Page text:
Opel-Vauxhall has swung to its first profit in nearly 20 years under the new ownership of French firm and Peugeot-maker PSA Group.
The car manufacturer, which is a major employer in the UK, logged €502 million in operating profit in the six months to June 30.
That is compared to the €257m loss reporting for full year 2016, the last full year that the company was still owned by General Motors.
It also marks the first profit logged by the business since 1999.
Revenues for Opel Vauxhall for the last six months came in just shy of €10 billion.
PSA said it logged a 38.1% rise in global sale, having sold a record 2.2 million vehicles.
The boost came in part from an "SUV offensive" that saw 13 models launched by brands including Opel and Vauxhall.
Group revenue for the period €38.6bn, while operating income rose from €1.9bn to €2.3bn for the period.
Group PSA chairman Carlos Tavares said: "The Group demonstrates since 2014 its recurring ability to level up global profitability, efficiency and volumes, despite strong headwinds.
PSA, which owns Peugeot and Citroen, agreed to buy the loss-making European arm of General Motors (GM) last year, which included the Vauxhall brand.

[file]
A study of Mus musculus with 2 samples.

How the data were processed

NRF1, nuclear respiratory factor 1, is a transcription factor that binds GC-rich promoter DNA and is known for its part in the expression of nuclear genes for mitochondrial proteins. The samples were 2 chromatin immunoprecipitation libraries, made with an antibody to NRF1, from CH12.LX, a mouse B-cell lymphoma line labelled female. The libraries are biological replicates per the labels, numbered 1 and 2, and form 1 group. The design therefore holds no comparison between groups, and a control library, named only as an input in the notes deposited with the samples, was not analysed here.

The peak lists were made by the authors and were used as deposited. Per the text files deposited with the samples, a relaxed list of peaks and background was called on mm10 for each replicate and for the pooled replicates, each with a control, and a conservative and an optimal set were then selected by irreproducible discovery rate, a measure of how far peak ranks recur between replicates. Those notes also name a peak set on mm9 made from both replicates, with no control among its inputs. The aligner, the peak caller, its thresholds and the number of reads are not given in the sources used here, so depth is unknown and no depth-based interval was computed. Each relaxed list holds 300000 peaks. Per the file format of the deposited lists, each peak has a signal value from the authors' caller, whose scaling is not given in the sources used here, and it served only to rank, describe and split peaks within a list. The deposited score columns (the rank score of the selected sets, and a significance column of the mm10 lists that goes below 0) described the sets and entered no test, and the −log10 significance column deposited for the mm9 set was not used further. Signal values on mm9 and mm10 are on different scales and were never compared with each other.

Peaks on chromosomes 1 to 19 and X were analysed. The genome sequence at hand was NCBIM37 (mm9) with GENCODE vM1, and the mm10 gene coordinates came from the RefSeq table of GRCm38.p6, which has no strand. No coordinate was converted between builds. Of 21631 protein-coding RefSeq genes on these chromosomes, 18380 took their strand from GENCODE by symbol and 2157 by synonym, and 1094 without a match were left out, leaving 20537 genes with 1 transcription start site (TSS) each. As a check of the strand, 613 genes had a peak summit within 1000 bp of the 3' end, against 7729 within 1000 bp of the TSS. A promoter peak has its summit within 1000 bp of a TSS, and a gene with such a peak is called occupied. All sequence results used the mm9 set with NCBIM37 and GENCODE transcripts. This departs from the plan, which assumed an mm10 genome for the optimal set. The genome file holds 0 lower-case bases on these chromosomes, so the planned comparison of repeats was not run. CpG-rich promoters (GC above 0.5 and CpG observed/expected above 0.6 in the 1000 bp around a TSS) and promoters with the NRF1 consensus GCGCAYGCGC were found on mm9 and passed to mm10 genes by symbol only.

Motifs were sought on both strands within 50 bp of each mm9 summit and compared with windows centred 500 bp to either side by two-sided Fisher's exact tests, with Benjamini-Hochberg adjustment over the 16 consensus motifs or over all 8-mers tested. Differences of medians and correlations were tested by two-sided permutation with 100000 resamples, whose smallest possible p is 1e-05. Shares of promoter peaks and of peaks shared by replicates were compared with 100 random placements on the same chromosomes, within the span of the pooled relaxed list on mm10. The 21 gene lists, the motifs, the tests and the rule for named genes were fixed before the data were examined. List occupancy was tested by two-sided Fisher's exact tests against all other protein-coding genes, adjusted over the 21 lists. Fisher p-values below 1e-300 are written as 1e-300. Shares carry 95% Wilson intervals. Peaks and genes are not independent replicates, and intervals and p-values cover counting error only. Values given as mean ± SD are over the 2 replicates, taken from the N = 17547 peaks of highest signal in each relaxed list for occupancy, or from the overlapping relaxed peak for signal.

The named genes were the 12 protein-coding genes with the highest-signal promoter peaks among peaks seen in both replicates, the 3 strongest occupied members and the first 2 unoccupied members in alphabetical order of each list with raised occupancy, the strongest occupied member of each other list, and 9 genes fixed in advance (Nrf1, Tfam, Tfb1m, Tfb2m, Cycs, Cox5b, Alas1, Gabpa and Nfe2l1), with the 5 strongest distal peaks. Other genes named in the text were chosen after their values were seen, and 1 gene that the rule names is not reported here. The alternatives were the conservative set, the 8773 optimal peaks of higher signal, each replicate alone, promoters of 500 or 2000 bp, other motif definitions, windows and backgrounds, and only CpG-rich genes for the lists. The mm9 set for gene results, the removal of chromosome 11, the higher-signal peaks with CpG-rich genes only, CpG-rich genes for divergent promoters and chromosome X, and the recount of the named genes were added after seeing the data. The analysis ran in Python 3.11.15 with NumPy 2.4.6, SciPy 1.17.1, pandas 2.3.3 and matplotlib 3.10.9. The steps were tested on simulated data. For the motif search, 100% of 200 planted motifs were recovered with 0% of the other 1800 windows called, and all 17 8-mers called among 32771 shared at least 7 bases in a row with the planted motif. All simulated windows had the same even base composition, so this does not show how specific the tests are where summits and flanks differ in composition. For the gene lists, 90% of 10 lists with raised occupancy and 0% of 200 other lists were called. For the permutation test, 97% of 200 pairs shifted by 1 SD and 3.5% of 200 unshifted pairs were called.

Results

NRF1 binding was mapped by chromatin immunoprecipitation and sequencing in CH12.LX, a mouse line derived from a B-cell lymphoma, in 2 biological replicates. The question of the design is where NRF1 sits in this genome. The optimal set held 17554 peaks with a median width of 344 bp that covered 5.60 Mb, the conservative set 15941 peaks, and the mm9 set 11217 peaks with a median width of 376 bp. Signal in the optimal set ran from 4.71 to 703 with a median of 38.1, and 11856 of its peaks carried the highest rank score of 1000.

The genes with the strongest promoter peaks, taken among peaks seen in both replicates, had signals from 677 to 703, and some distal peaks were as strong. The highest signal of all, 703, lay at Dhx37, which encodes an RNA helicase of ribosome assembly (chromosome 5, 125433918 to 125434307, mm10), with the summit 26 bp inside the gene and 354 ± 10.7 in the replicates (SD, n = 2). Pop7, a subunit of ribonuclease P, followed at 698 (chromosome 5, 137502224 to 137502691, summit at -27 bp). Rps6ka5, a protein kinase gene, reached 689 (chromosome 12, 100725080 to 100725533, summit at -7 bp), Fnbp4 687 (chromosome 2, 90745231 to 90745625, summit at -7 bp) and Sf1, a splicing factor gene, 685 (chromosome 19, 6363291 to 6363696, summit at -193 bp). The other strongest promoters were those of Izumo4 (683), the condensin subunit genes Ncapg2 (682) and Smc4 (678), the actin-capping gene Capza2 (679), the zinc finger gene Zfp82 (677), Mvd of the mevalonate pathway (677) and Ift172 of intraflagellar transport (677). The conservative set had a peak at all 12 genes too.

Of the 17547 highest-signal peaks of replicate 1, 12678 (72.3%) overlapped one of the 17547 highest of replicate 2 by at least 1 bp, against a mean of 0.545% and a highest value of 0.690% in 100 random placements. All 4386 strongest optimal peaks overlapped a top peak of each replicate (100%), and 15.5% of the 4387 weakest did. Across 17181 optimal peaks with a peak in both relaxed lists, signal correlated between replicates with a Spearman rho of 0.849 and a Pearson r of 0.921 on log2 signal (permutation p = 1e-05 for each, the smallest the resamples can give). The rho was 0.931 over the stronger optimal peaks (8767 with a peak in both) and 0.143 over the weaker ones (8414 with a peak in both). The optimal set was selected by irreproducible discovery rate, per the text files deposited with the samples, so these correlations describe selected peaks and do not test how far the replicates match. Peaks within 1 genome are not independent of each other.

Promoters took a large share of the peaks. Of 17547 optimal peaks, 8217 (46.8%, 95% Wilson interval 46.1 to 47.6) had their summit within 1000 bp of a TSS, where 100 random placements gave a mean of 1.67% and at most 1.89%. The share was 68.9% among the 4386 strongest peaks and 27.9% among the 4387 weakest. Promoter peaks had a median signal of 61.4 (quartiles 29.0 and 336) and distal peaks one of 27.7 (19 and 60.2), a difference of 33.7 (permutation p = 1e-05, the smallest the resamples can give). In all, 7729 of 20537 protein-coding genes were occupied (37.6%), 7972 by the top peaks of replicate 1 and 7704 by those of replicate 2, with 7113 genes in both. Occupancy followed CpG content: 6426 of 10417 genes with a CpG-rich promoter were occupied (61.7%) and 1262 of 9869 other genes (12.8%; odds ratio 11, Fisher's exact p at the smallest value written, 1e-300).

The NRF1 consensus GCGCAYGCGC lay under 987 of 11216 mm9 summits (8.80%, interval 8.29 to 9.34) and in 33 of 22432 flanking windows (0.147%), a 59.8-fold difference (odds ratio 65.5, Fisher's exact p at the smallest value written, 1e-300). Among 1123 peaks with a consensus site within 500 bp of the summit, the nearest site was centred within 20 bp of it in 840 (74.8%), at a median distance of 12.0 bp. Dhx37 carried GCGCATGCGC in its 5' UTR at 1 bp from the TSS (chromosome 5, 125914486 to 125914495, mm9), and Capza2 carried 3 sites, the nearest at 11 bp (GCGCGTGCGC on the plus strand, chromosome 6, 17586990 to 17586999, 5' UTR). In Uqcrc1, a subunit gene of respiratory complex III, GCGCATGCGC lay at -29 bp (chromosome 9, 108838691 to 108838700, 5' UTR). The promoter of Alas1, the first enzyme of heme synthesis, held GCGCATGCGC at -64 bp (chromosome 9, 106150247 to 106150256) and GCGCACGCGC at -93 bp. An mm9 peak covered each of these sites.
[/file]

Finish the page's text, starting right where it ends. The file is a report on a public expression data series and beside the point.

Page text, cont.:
The move secured GM's exit from the UK and Europe while transforming PSA into Europe's second-largest car maker.
Vauxhall, which has factories in Ellesmere Port and Luton, announced in January plans to slash a further 250 jobs at its Ellesmere Port factory, adding to 400 staff cuts confirmed in October.
It was meant to boost productivity at the Cheshire-based plant by moving to a single production shift from April this year.
It now employs around 1,100 staff manufacture the Vauxhall Astra at Ellesmere Port and a further 1,276 people produce the Vauxhall Vivaro van in Luton.
Around 30,000 people work across the Vauxhall brand, though that figure includes the dealership network, where some staff are not directly employed by the company.